Whatever you call it – really simple syndication, RSS, newsfeeds or just plain old “feeds” – RSS has changed the face of the Web by un-coupling content from its original website and letting it roam freely across your browser.
The Benefits of RSS
When Web content isn’t trapped inside a specific Web site, it can be consumed just about anywhere. Many elect to use news aggregation services like Google News. But if you are into online organizing, you also want to leverage getting your content used freely in other websites so you can get as many eyeballs on it as possible. That makes marketing and sharing Web content a whole new ballgame.
In a post about 10 Essential Social Media Tools for the Office, I pointed to a great summary “ode to RSS” by a well-known tech blogger to highlight the benefits of hopping on the RSS bandwagon:
“A wonderful (if dated rant) by one of the Blogospheres most prolific consumers of Tech Blogs – Scobleizer – written in 2004 identifies the benefits of using Really Simple Syndication services to consume your online news makes sense: makes you more productive by serving up only the new stuff, no more wasted browser loading time, no advertising clutter and easier reading in same font.”
“But My Site Isn’t Built in XML!”
So you may be sold on the benefits of RSS, but the hurdle to making it happen is not desire but technical know-how.
What happens if you are in charge of a Web site that is not built in the XML format – the essential program language to enable an RSS to work? Is your only option to ditch the old format and painfully migrate content over? Just thinking about the broken links from URL extensions that end in something other than xml (like .htm, .html, .asp, .php) leaves my head hurting. That was my situation with my corporate site when I walked into a Netroots camp session led by online organizer extraordinaire Michael Whitney.
Along with a band of other RSS wanna-bes, we huddled in a room with Michael as he explained how to “hack” an RSS feed without going through the pain of building an XML site.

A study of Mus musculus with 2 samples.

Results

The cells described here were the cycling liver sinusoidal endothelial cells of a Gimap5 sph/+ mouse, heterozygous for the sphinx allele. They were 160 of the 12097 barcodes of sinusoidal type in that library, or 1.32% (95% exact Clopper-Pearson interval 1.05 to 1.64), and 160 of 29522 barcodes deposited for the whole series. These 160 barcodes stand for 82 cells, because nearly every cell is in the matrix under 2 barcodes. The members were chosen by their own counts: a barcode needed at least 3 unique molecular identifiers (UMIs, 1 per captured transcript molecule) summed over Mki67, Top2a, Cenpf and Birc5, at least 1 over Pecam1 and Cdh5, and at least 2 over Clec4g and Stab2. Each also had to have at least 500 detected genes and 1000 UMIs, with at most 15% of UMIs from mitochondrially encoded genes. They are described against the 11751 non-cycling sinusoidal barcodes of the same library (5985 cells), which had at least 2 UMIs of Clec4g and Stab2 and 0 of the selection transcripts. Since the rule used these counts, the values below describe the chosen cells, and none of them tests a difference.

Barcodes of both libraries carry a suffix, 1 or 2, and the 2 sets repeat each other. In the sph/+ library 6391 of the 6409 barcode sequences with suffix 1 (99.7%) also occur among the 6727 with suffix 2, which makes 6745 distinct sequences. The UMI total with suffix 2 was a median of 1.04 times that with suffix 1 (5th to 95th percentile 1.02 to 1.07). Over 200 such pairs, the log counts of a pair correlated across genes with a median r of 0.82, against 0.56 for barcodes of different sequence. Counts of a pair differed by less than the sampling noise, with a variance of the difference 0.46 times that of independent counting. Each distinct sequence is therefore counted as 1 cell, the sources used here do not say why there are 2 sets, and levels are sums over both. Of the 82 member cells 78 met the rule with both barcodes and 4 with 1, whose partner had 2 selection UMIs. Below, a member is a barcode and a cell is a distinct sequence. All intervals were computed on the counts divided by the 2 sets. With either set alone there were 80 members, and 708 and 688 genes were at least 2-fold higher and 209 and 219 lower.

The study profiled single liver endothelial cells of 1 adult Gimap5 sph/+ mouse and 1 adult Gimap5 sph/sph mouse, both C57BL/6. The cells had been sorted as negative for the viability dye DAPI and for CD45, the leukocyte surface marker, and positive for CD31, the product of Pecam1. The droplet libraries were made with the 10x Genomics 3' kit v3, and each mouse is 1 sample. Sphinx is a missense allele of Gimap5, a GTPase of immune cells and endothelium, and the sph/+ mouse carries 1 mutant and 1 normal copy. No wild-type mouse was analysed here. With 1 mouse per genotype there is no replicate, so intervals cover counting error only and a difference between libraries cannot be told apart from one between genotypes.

Use Delicious Bookmarks as an RSS Work-Around
The secret is leveraging the Delicious Bookmark service.
You see, Delicious lets you save and “tag” bookmarks from all over the Web on the fly, labeling them with names and keywords that are meaningful to you so you can go back and find the content later. What’s more, Delicious lets you save things online, so they are not trapped on your desktop and can be shared with others. When you save a bookmark to a Delicious account, you can title the content anyway you please and add up to 1000 characters and give it as many tags as you please.
And here’s the bonus: each and every tag you create becomes its own separate Web page that is automatically an RSS feed! That’s right, automatic RSS-feed ready page, with no special coding required.
As I wrote in I Heart Widgets this little trick helped me create an RSS feed of my articles on my html corporate site. All I had to do was create a tag – I selected “buzz” the name of my newsletter – and then save each article into that tag in my Delicious bookmarks. I added a paragraph or two summarizing the article to beef it up, and my newsletter was suddenly and magically recreated as an RSS feed. You can see what I did by checking out http://delicious.com/KMcShea/buzz
Some Extra Steps
There are a few extra steps you can take to package up your RSS feed to make it easier to consume and manage for you and your readers alike.
First, get a feedburner account from Google. This will let you enjoy some cool services, including a terrific graphic user interface when you sign up for a feed that’s very browser friendly, good analytics to measure your success, and even a way to let your subscribers sign up for an email when the feed is updated.
The other thing you should do involves a wee bit of coding on your html or non-xml site. If you want the RSS icon to be in the browser search bar automatically, which I’m convinced is where most people find it, you need to add a few lines of easy code to the header tag of your template and/or Web pages. This tutorial on RSS Auto-Discovery explains what code to use and how to implement it.
I think RSS Feeds are a game-changer for Web sites. Imagine a world where you created a feed, hacking one with Delicious if you needed to, and then started some old-fashioned marketing with affiliate Web site owners. Tell them you can bring them up-to-date news on a topic they care about, and to serve their readers all they have to do is “set it and forget it” with this little RSS feed.
Website owners also love RSS feeds because it builds instant traffic incredibly quickly when implemented and marketed well. When I got to visit the Fox News offices in NYC a couple years ago, their Web people for their business site were chirping about how using syndication (another word for RSS feeds) had helped them easily lap their CNBC competitor in just a few months in traffic visiting their site.
With these tips and tricks on how to get an RSS feed stood up without any XML coding, your excuses are over. It’s time to get on the RSS bandwagon.